The Birth of a Skateboard Class

By Topher Paterno, Topher@Pazzoverde.com 

I have been a maker all my life. I was the second youngest of nine children and by the time I got the toys or the things in the garage they usually had to be tinkered with to get things rolling. That’s where I got my start building things. Now that I am an adult, and a professional furniture maker/artist, I still prefer to make the toys I play with, which is how my skateboard building class got its start.

 Topher and his son show off their extra-large board.

Topher and his son show off their extra-large board.

I’ve been skateboarding since I was a little kid. When I moved to Venice Beach, CA, in my twenties, skateboarding wasn’t just for fun—it was also one of my main modes of transportation. Now that I’m an “adult” living in Burleith with a wife and a son, my passion for skateboarding has not diminished one single bit.

In fact, when my son (who is now five) expressed interest in learning how to skate, my professional life as a “maker” and my personal love of skateboarding collided. I was going to make an extra-large board, for both of us to ride together! I took it one step further, I was going to teach other people how to make their own skateboards. It was a great success.

When my students first come to class, I ask them to consider the main use for their boards. Are they going on long downhill runs, are they skating ramps, or are they just beginners? In any case, their board will be made using a series of thin laminates (or veneers) of wood set up in a stack, alternating the grain, then pressed into, or onto, a mold.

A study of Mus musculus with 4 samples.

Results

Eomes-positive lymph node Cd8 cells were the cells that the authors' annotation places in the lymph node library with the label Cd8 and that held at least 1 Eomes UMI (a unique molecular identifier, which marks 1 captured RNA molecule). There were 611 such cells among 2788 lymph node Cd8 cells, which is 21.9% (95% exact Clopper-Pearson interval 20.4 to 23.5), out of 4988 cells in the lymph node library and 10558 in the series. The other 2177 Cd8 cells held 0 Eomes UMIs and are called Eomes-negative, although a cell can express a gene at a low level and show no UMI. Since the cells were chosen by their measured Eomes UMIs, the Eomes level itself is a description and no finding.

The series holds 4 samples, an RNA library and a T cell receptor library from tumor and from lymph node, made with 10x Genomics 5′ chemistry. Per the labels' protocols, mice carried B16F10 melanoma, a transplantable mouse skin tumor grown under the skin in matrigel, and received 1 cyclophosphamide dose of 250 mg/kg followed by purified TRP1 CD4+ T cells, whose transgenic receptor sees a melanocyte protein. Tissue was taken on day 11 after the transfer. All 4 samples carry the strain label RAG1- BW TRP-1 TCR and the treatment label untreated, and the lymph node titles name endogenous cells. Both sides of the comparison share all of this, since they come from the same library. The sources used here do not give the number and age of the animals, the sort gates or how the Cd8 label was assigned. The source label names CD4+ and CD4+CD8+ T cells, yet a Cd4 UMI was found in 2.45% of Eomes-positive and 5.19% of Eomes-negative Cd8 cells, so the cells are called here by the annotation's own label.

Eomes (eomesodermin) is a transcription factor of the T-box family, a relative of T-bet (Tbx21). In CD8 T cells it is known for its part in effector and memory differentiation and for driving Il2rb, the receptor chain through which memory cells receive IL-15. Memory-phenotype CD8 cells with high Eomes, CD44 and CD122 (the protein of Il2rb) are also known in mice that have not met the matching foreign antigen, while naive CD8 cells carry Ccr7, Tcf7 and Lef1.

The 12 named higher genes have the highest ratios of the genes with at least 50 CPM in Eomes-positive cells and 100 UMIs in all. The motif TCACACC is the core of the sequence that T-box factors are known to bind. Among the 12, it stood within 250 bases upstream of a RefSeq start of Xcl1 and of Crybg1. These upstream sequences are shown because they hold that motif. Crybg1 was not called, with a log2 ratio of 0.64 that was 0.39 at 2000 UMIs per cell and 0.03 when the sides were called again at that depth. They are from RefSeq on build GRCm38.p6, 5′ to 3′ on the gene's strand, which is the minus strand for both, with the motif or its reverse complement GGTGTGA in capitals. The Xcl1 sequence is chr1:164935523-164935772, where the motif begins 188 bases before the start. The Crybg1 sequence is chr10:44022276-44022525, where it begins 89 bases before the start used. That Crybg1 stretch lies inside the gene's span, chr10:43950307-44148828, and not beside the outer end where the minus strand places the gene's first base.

Students set up their veneers into the vacuum bag press for bent laminations. Photos by topher paterno.

Students set up their veneers into the vacuum bag press for bent laminations. Photos by topher paterno.

Once they’ve settled on the purpose of the board, that’s when the fun begins. In my class, students learn the skills it takes to plan out a project. They learn proper shaping technique by shaping their own mold for the veneer press. (There is some supervised power tool use.) And then it’s time to make and apply the custom graphics to the skate deck! That’s everyone’s favorite part. One student made his an homage to his favorite football team, the Miami Dolphins. Another student made his a reference to his favorite decade: the 80s.

 students' Designs come to life with custom graphics and custom  grip tape application.

students' Designs come to life with custom graphics and custom  grip tape application.

I have found this class makes a great gift for your teen, or those in our lives who sometimes act like teens! It is a fun way to learn by doing. I love teaching this class, and students love taking it. The pride and joy I see when students ride off on their boards is of immeasurable worth.

Classes are four sessions long with each session running approximately three hours each (9 am–noon and 1–4 pm). I offer them on weekends all year round at my shop/studio at 52 O Street NW. I also teach a weekly evening class (also four sessions) for adult professionals.

And if you’re not into skateboarding, I teach other classes out of the studio that revolve around furniture making and turning "trash into treasure."

Topher Paterno teaches in the interior design department at the Corcoran School at George Washington University. He holds an MFA in furniture design from the Rhode Island School of Design and is a LEED Green Associate.